Obsessional. Devoted. Progressive. Revolutionary.
These are some of the adjectives the Barbican Art Gallery has given to the 40 couples represented in their exhibition, ‘Modern Couples: Art, Intimacy and the Avant-garde’. In an attempt to chip away at the complex confines of the relationships between artists of the 20th century, the exhibition shows couples of all kinds. Their relationships could be seen as a product of the intimate process of creating art. Or, perhaps it is the art that is the product of their relationships. The intense relationships shown might even make viewers walk away grateful that the world of love is only so difficult to navigate these days.
From famous art couples like Frida Kahlo and Diego Rivera, Lee Miller and Man Ray, Virginia Woolf and Vita Sackville-West, Pablo Picasso and Dora Maar to lesser-known figures like Toyen and Jindřich Štyrský or Alekdandr Rodchenko and Varvara Stepanova, viewers are confronted with a plethora of creatives (a full list of featured couples can be found here). Due to the sheer number of artists discussed, ‘Modern Couples’ swan dives into murky waters resulting from too small of an exhibition showcasing simply too many artists.
‘Modern Couples’ does create a space for men and women artists to be shown side by side in a more or less equal display of collaboration but intentions of equity fall short. What is left, then, is an exhibition trudging forward in the name of equality but the misogynistic tendencies of the avant-garde movement are ever present. This is not to say that the show shouldn’t highlight these issues. However, the exhibition plays into these issues more than it raises them.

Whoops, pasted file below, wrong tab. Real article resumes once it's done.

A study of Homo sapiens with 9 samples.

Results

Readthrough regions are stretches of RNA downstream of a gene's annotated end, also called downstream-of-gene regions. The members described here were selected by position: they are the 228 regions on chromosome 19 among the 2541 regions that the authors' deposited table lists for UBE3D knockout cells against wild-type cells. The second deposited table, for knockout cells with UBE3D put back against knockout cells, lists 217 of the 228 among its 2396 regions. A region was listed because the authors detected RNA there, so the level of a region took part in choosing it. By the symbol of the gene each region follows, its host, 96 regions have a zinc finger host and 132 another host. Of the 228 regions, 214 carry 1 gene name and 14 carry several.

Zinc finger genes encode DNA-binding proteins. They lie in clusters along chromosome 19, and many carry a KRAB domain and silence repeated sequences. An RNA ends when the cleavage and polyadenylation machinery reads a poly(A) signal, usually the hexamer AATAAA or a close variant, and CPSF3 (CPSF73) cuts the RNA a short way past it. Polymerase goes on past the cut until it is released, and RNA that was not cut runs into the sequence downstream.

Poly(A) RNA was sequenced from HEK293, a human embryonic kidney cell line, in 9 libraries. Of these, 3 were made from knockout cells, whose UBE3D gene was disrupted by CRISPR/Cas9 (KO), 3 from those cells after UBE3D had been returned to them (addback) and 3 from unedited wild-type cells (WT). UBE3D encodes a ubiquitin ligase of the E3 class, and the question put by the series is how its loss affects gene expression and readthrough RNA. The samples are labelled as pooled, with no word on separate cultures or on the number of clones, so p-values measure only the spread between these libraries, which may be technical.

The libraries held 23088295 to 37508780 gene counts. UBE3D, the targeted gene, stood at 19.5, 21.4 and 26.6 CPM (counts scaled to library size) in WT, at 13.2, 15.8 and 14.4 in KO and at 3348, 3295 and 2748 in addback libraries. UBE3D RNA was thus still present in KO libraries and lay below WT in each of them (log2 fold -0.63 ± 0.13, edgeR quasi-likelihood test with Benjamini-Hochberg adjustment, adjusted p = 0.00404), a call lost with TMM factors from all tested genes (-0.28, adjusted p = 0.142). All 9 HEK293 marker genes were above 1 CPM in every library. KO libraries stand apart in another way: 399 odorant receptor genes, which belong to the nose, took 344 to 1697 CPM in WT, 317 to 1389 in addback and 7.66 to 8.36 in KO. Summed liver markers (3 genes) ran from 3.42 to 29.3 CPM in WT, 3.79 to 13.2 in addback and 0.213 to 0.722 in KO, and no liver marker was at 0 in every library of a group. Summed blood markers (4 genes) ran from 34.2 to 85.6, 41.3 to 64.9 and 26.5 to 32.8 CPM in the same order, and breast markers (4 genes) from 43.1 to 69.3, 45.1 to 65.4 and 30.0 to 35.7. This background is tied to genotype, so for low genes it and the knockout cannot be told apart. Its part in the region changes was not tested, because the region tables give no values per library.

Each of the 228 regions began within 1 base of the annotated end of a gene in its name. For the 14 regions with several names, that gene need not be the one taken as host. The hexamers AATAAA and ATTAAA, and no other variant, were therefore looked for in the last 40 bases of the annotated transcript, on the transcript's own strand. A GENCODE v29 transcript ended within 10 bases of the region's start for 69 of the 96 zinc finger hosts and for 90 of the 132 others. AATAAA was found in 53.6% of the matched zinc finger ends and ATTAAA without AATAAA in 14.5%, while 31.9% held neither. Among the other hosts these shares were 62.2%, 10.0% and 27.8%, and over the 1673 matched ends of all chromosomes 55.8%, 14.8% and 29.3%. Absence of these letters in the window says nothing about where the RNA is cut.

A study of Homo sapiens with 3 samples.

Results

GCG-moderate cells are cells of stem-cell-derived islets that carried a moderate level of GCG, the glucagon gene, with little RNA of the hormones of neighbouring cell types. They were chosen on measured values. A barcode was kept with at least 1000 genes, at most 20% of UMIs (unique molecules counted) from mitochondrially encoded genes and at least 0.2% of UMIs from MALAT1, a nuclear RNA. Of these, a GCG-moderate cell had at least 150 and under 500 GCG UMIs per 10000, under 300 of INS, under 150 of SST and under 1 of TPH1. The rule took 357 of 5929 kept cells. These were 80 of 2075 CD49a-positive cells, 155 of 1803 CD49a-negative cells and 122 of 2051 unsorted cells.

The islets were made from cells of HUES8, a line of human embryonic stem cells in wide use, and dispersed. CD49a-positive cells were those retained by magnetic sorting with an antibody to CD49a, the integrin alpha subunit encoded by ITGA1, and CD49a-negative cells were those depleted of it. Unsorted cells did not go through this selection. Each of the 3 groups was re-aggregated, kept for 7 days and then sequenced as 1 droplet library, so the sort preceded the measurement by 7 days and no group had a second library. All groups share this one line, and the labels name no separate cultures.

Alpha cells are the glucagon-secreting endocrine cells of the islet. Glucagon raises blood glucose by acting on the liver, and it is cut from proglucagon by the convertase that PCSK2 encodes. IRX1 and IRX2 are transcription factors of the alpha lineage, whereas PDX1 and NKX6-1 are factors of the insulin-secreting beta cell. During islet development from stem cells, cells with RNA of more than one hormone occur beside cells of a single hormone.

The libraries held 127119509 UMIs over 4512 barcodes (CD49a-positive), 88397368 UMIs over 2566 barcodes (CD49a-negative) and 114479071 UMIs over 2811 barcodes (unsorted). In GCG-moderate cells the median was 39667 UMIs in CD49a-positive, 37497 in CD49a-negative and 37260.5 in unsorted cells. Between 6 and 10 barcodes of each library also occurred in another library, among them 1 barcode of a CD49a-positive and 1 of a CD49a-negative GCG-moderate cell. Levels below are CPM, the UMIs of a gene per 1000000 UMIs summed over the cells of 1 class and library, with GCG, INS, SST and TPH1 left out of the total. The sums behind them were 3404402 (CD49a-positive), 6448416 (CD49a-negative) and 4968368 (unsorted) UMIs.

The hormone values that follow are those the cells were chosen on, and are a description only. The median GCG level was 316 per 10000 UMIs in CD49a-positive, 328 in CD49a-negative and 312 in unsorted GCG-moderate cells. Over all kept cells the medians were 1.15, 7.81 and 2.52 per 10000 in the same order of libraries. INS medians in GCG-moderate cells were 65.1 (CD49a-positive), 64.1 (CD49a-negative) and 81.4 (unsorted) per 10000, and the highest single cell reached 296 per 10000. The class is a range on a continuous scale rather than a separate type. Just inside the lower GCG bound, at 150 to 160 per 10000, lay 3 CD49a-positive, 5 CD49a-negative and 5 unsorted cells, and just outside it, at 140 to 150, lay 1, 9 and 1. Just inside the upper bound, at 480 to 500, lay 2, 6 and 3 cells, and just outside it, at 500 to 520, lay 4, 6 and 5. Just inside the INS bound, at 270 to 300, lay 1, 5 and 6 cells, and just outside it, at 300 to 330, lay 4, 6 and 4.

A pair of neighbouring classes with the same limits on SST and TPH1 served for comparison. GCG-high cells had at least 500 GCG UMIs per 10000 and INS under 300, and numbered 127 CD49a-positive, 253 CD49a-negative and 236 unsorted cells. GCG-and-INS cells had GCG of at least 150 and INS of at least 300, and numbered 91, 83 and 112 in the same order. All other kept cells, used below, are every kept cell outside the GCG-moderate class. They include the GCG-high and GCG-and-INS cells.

The precarious line ‘Modern Couples’ tries to walk between equality and objectification results in a push and pull between topical engagement with artists and their works. Kahlo and Rivera are scarcely mentioned with only a couple of works representing their collaboration begging the question of if their pieces are actually meaningful to the exhibition. Likewise, Lilly Reich and Ludwig Mies van der Rohe are condensed down to a single Barcelona chair and a few mentions in wall text. Meanwhile, other facets of the exhibition verge on the obsessional as viewers find the nearly grotesque doll created in the image of muse and femme fatale, Alma Mahler, by her once lover, Oskar Kokoshka, which he brought to parties, petted, and eventually decapitated out of rage.
The exhibition ultimately feels as though you never get into any of the relationships. They flash by with little to no consequence provoking knee-jerk responses to complex relationships. Perhaps an exhibition with fewer artists and relationships would have made way for a more influential exhibition looking into the evolution of relationships within the avant-garde period. This could have created an interesting retrospective reflecting on the foundations of less traditional – if by traditional we mean white, heterosexual relationships – relationships that we celebrate today. To decide for yourself, the exhibition is on through 27 January 2019.